Thursday, September 24, 2020

Vehicle Accident injures several horses 8-14-20



On Monday, July 27, while I was out feeding the rescue’s equines I got a call from one of our adopters, Jake, who is a sergeant with the Navajo County Sheriff’s Department (NCSO). He was being dispatched to Summer Pines, the last housing development south of Show Low on Hwy 60 before FS300 (Rim Rd) because there was an injured horse that had been hit by a vehicle roaming the streets and was yet unsure what he would find, but wanted to know if we were available. I mentioned we had a dart gun if needed and also referred him to our contacts at AZ Dept of Ag, Livestock division because I was pretty sure it was a free roaming horse, perhaps one of them we provided water for around the Torreon area. When he arrived on scene he sent me a photo, which I forwarded to a friend who photographs the free-roaming horse near her house and she was able to find a photo of this filly from 2019, when she looked to be a yearling. Now we knew she was not a horse off the reservation and thus under the jurisdiction of local agencies. We were contracted to go assist in her capture and transport to the vet.


When we arrived we found her standing, pawing the ground and in shock. She had large injuries to her left side and smaller injuries all over. It appeared on impact with the vehicle she must have been flipped over based on all the wounds. It took several people, several hours to sedate, catch and get her loaded in the trailer to be taken to the vet. Sadly, she had internal injuries and was humanely euthanized by the vet.


During this process we learned it was a small herd of 5 horses that had gotten hit and there were others that needed assistance. One of which turned out to be a gelding with a BLM freeze brand. This required input from yet another agency, already the National Forest Service, AZDA (AZ Dept of Ag) were involved with NCSO as the lead agency, now the BLM (Bureau of Land Mgt) needed to be contacted to confirm whether they still owned the mustang or if it had been titled to an individual and no longer under their jurisdiction.


After several hours in the 90+ degree sun and nothing more we could do at the time we headed home but stayed in contact with everyone. A family offered to place the horse in their backyard while ownership was determined so they could treat his wounds.




Had he not been able to come to us he would have been taken to a local auction house, put in a pen to stand untreated for at least 7 days, when he could be auctioned as a stray horse. That 7 days is to allow the owner time to claim the horse and if not claimed, by law they must be auctioned. As a newer vendor for AZDA, EqWBR could house him instead and he could be auctioned at our place if unclaimed

Jake and Christine by Leslie Brucker 8-4-20

Photo by Leslie Brucker Photography

We treated his wounds several times a day and monitored his condition. In addition to the obvious injuries he also had impact bruising so it helped ease his pain to massage those areas a few times a day also. We assisted Dr. H as he had a second surgery to remove skin flaps that were dying off as the huge wound started to heal, additional surgery would be needed and more tissue died.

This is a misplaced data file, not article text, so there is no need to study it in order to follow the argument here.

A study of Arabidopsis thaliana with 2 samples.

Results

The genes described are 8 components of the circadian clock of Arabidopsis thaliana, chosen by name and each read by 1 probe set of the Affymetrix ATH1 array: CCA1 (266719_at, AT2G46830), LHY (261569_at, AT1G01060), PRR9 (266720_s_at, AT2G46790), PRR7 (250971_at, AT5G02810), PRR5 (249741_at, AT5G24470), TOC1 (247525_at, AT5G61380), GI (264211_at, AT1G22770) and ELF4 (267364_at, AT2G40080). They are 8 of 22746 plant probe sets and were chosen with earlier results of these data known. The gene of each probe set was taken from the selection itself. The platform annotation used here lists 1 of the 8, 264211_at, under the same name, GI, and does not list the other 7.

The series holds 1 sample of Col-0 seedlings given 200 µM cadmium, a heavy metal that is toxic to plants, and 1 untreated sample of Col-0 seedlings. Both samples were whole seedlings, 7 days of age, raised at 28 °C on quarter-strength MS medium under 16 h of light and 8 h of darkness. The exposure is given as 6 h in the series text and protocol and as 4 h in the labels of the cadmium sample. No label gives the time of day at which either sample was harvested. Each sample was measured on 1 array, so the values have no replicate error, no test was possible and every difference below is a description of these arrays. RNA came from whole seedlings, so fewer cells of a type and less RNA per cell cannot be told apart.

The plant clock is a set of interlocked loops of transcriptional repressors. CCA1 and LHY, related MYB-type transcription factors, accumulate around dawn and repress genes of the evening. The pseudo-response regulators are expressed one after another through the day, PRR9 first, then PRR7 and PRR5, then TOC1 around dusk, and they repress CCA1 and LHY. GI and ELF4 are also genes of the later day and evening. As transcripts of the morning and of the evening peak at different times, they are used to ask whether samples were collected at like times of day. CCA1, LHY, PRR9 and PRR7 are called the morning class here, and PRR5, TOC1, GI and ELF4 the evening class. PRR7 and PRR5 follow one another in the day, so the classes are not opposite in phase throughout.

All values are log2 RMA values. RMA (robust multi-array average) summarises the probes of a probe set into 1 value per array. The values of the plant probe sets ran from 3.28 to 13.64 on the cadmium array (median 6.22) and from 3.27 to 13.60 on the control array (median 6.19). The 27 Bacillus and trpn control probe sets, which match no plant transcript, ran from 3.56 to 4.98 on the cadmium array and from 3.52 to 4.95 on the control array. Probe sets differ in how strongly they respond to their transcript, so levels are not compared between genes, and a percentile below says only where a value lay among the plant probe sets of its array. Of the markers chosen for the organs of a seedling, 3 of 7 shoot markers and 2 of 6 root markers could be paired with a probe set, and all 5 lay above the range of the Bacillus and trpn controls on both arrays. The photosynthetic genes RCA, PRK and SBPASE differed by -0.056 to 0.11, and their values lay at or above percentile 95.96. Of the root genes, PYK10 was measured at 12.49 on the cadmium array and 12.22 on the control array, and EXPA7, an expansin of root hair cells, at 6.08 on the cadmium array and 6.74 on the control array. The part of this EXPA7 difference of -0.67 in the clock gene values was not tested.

On Monday, August 10th, Rudy Mejia, the initial responding brand inspector and Kevin Mc Fee both arrived to auction off the mustang. Flyers had been posted in the area of the hit and run, and local post offices and no one had stepped forward to claim him. With a few volunteers gathered in support and no one else showing up, we bid on and purchased the mustang allowing him to remain in our care so he could continue his treatment and heal. Shortly after Dr. H arrived for his 3rd surgery to remove the larger surrounding skin so the wound could continue to heal, a process that will take another 6-8 weeks for the surface to close and then longer for it to fully heal.

Jake by Leslie Brucker 8-4-20

Photo by Leslie Brucker Photography

Meet Jake, we named him after the NCSO Sergeant that stuck with the situation, working with all the various agencies to help the horse get the needed care after being struck by a vehicle which left the scene never calling in to even say there was an accident. He is now safely with us where we can continue his care and give him much needed love as he heals. And yes, he does have a Khaki halter.
So far, his medical expenses for 3 surgeries, pain and antibiotic medicines, topical treatments and other needs are in excess of $1400 and we are asking for donations to cover those expenses and provide for him into the future while he heals. It is clear to us from the time he has been here that he has been trained at least with the basics of haltering, being handled and such and he has the sweetest personality and patience as we treat his wounds numerous times a day.


There are many things we don’t have answers to, why he was turned loose in the forest, who hit the horses and kept going, where was he originally gathered from (Herd Management Area)? Some questions we will be able to answer in time, others we will probably never know. In the meantime, this guy needs us and we are here for him with great thanks to all the agencies that worked together to help him.

You can help too by sharing his needs and donating if possible. Together we can teach him to trust again, heal his wounds and give him the love and care he needs and deserves. You can donate by clicking the Donate button below for links to PayPal, Venmo, Debit/Credit Card and donations by check. We can’t thank you enough for helping us help him.

He will never be abandoned and left to fend for himself again!!!!